By NANETTE LoBIONDO GALLOWAY
Just like “The Godfather” Michael Corleone said in the last movie of the trilogy, Longport engineer Richard Carter can again say, “Just when I thought I was out, they pull me back in.”
The Board of Commissioners accepted Carter’s retirement as of Dec. 31, but he may be around on a limited basis for the foreseeable future to complete certain projects.
Mayor Nicholas Russo and Commissioners Dan Lawler and Jim Leeds Wednesday, Dec. 16 presented Carter with a proclamation and the Key to the Borough, an honor reserved for very special people, Russo said.
“This key signifies the importance of Richard Carter’s commitment to the borough since 1986,” Russo said. “When you sum up what the municipal engineer does, and he is focused 100% on the health, welfare and safety of the community where he is employed, I think this is going to signify what the people of Longport think about the importance and commitment Dick Carter has made since 1986, which is a long time,” Russo said.
Carter was appointed as staff engineer in 1986 and has served with honor and distinction, according to the proclamation.
In 2018, he was honored by the American Society of Civil Engineers for his work on the Longport revetment project.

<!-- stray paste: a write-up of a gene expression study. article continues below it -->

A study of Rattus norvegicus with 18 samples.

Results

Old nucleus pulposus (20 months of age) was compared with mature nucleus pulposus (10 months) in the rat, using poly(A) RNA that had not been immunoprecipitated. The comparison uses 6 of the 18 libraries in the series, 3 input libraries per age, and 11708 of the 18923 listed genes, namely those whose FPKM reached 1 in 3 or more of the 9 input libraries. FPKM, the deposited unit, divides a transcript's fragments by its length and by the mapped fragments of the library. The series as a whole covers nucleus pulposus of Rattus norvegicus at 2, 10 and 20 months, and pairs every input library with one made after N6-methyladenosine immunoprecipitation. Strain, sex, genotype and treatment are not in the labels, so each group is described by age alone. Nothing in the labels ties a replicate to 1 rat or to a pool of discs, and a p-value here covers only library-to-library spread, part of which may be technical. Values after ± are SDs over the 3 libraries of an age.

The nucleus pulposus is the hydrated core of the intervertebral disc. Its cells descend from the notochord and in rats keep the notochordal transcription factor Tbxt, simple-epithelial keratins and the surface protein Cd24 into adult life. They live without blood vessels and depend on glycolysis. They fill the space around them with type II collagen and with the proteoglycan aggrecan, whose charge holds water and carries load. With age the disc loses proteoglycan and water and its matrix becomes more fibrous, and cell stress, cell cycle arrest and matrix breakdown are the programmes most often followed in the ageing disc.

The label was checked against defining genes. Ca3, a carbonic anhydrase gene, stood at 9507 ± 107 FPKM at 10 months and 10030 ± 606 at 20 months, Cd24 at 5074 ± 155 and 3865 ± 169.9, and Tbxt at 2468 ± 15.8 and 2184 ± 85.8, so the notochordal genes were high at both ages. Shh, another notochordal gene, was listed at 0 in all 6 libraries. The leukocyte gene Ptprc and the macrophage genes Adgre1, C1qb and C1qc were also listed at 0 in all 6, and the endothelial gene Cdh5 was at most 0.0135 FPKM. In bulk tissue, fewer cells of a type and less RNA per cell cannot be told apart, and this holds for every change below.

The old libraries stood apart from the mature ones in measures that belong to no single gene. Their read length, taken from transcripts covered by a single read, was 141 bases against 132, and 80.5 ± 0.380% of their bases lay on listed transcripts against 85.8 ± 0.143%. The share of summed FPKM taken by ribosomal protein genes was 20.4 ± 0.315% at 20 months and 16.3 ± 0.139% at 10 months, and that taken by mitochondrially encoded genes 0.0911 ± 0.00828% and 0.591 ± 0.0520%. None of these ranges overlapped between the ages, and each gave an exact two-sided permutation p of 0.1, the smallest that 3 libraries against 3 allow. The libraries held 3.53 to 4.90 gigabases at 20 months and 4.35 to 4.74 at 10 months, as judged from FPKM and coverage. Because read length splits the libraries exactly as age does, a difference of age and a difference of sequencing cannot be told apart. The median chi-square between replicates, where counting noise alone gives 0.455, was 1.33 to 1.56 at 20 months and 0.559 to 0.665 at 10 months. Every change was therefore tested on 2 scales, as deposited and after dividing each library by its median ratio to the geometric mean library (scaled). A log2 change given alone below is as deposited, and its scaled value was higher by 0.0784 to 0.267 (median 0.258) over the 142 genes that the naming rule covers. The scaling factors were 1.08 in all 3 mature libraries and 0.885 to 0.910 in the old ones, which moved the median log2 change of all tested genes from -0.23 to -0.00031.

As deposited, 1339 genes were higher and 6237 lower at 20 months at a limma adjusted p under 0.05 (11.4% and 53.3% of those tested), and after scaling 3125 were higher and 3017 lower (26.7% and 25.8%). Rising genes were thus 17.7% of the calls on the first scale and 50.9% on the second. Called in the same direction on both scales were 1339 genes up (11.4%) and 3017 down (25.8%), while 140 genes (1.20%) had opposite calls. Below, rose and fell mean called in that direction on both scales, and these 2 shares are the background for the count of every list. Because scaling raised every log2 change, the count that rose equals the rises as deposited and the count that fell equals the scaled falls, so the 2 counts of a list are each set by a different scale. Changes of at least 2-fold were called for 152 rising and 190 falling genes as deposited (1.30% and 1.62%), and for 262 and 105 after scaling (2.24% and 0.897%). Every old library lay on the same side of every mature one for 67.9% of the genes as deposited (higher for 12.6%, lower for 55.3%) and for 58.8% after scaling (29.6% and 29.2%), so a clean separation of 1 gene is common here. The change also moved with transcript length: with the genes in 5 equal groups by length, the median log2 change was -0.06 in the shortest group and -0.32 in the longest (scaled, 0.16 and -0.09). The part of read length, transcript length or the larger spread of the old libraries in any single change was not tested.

“Of all the municipalities I have worked as engineer, this has given me the greatest pleasure in performing projects for the town, working with the town and for the commissioners,” Carter said thanking them for the opportunity.
It is the second time Carter tried to retire. His first retirement announcement came two years ago, but work needed to be done, so Carter stayed on to develop and supervise some of the public projects he had started. Once serving a dual role as engineer and part-time administrator, over the last year since the borough hired Administrator A. Scott Porter, he has taken a step back from overseeing daily operations.
“Thank you for your level of cooperation, institutional knowledge, and helping me work my first year here,” Porter said.
Although his retirement will be official on Dec. 31, Carter once again agreed to continue working on a limited basis to finish up six projects he started, including installation of a new well, building a well house at the Public Works yard, the sidewalk infill project currently under construction, and completion of a beach access and maintenance plan.
“It would be much more difficult and expensive to bring in an engineer to take over the projects he is in the middle of,” borough Solicitor Michael Affanato said.
A resolution will be considered at the commissioners’ next meeting to keep Carter on to complete the six projects with a maximum ceiling amount, he said.
The commission has yet to decide if it will seek a full-time or in-house engineer or move to project based engineering.